Too many athletes mistakenly believe that when you compete, your focus needs to be on the competition and what they’re doing. There is no better example of this than watching Phelp’s semi-final and final races in the 200m Butterfly at the 2016 Olympics against South African swimmer, Chad le Clos.
Le Clos had stung Phelps in 2012 at the London Olympics by beating him in this race, delivering one of the more emotionally painful blows the decorated Olympian had ever experienced in his swimming life. Being the intense competitor that he is, we can only assume how Phelps used the pain of this defeat on a daily basis over the last four years to fuel him to work even harder than ever in his training.
Before the semi-final race, le Clos stood directly in front of Phelps, starring him down and shadow boxing in his face. It was an obvious attempt by the South African to distract and intimidate his famous opponent. What le Clos didn’t realize at the time, was that he was making a fatal concentration mistake that would ultimately cost him a medal.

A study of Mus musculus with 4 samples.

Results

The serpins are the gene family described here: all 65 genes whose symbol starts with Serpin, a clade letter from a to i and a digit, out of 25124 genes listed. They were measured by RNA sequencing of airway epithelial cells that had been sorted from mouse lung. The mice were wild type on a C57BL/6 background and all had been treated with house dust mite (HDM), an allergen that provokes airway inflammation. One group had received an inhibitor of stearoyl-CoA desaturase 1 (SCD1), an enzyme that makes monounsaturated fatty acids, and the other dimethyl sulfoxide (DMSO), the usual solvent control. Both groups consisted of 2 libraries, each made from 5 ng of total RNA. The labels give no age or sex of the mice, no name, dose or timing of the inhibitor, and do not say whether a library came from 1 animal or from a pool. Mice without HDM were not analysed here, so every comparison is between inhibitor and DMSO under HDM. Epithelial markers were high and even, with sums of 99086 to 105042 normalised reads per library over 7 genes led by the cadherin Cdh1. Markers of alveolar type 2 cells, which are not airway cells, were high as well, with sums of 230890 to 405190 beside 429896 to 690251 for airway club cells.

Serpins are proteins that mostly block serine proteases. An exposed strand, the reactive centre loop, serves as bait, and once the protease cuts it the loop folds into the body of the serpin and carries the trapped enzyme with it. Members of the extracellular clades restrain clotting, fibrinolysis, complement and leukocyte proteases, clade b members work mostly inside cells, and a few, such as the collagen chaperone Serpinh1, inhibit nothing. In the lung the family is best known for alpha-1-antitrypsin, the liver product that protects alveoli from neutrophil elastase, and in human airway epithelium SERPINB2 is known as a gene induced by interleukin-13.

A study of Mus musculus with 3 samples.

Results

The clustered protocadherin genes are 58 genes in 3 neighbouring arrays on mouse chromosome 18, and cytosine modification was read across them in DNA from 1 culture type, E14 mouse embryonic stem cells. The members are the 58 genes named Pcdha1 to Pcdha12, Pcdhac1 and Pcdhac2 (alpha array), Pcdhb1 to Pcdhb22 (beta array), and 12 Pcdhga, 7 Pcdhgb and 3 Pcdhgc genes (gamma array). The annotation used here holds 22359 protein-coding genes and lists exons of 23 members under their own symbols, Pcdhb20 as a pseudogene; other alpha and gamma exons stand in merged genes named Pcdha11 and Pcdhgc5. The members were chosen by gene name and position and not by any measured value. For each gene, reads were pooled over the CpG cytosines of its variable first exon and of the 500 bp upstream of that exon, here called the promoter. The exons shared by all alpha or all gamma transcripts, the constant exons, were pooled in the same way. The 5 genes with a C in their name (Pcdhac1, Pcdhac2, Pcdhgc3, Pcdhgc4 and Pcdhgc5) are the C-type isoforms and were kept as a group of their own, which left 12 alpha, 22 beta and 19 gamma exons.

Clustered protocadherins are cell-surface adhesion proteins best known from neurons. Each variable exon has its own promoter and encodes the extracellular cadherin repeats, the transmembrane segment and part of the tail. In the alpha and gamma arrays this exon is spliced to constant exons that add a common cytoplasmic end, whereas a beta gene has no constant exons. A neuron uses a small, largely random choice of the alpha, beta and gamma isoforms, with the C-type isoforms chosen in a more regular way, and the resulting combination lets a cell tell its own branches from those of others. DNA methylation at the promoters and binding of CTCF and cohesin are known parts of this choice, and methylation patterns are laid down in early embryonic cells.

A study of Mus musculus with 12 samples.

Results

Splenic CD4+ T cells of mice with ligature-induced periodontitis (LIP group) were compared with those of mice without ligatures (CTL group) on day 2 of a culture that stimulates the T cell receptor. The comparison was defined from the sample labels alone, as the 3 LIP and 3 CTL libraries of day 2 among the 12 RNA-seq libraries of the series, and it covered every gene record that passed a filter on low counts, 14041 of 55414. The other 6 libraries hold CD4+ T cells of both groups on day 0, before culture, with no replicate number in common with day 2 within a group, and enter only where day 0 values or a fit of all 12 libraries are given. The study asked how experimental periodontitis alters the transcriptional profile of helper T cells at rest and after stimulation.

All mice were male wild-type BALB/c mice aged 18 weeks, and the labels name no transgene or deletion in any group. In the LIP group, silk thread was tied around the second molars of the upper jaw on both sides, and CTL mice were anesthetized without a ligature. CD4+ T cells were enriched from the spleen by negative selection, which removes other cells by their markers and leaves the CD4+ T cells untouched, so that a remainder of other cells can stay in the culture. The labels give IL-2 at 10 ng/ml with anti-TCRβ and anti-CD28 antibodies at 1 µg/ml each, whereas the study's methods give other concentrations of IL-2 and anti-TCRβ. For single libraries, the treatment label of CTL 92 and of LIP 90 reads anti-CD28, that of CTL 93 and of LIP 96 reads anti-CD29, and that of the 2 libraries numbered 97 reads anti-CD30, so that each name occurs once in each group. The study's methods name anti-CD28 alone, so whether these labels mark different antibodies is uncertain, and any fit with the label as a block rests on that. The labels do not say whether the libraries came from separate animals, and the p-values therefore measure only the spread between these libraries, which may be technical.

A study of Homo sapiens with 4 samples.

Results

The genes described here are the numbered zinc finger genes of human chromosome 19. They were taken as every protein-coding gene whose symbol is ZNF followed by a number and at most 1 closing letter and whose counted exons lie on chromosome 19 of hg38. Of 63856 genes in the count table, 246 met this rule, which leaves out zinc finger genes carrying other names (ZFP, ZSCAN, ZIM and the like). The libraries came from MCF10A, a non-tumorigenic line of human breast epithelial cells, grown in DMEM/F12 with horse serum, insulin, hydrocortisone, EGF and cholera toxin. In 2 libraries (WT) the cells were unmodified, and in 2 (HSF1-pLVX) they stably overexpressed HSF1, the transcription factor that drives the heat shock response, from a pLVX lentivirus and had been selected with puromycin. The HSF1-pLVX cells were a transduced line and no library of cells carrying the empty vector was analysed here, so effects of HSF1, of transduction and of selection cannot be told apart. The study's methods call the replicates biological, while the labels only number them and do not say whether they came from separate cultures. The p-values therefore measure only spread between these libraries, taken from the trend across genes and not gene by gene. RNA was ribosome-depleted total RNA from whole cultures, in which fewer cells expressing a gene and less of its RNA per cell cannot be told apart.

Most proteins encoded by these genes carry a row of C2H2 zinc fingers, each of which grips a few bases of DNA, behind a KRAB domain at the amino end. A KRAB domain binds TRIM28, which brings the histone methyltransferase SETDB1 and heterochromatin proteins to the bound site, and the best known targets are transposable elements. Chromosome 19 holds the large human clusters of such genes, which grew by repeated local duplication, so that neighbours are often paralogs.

If you want to really beat an opponent, then you need to focus on YOU and what YOU are doing, and NOT on your opponent. Attempts to intimidate your competition is not only poor sportsmanship, but will ultimately set you up to fail!
As Phelps did, it’s fine to use an opponent and thoughts of them in practice to motivate you to work harder and focus even more on what you need to do. However, when you do this at race/game/competition time, you are distracting yourself from your event and sabotaging your own performance.
In the semi-final race, le Clos even looked over at Phelps DURING the race (you can see a closeup photo in the comments here), which is a huge performance “NO NO” for swimmers that will slow them down every time! Phelps, both before the semis and finals, didn’t even acknowledge his opponent and instead, controlled his focus of concentration. Behind the blocks before the finals, he deliberately turned away from le Clos as he mentally prepared for HIS race, while the South African tried to stare him down once more.
The race results speak for themselves. Phelps, at 31 years old, won his 20th gold medal and le Clos finished fourth. Phelps taught us all a very important lesson:
Only use your concentration to motivate you to work harder in practice. To perform your best when it counts the most, you must stay focused on your game and what you are doing!
You can check out my other blogs on mental toughness at competitivedge.com.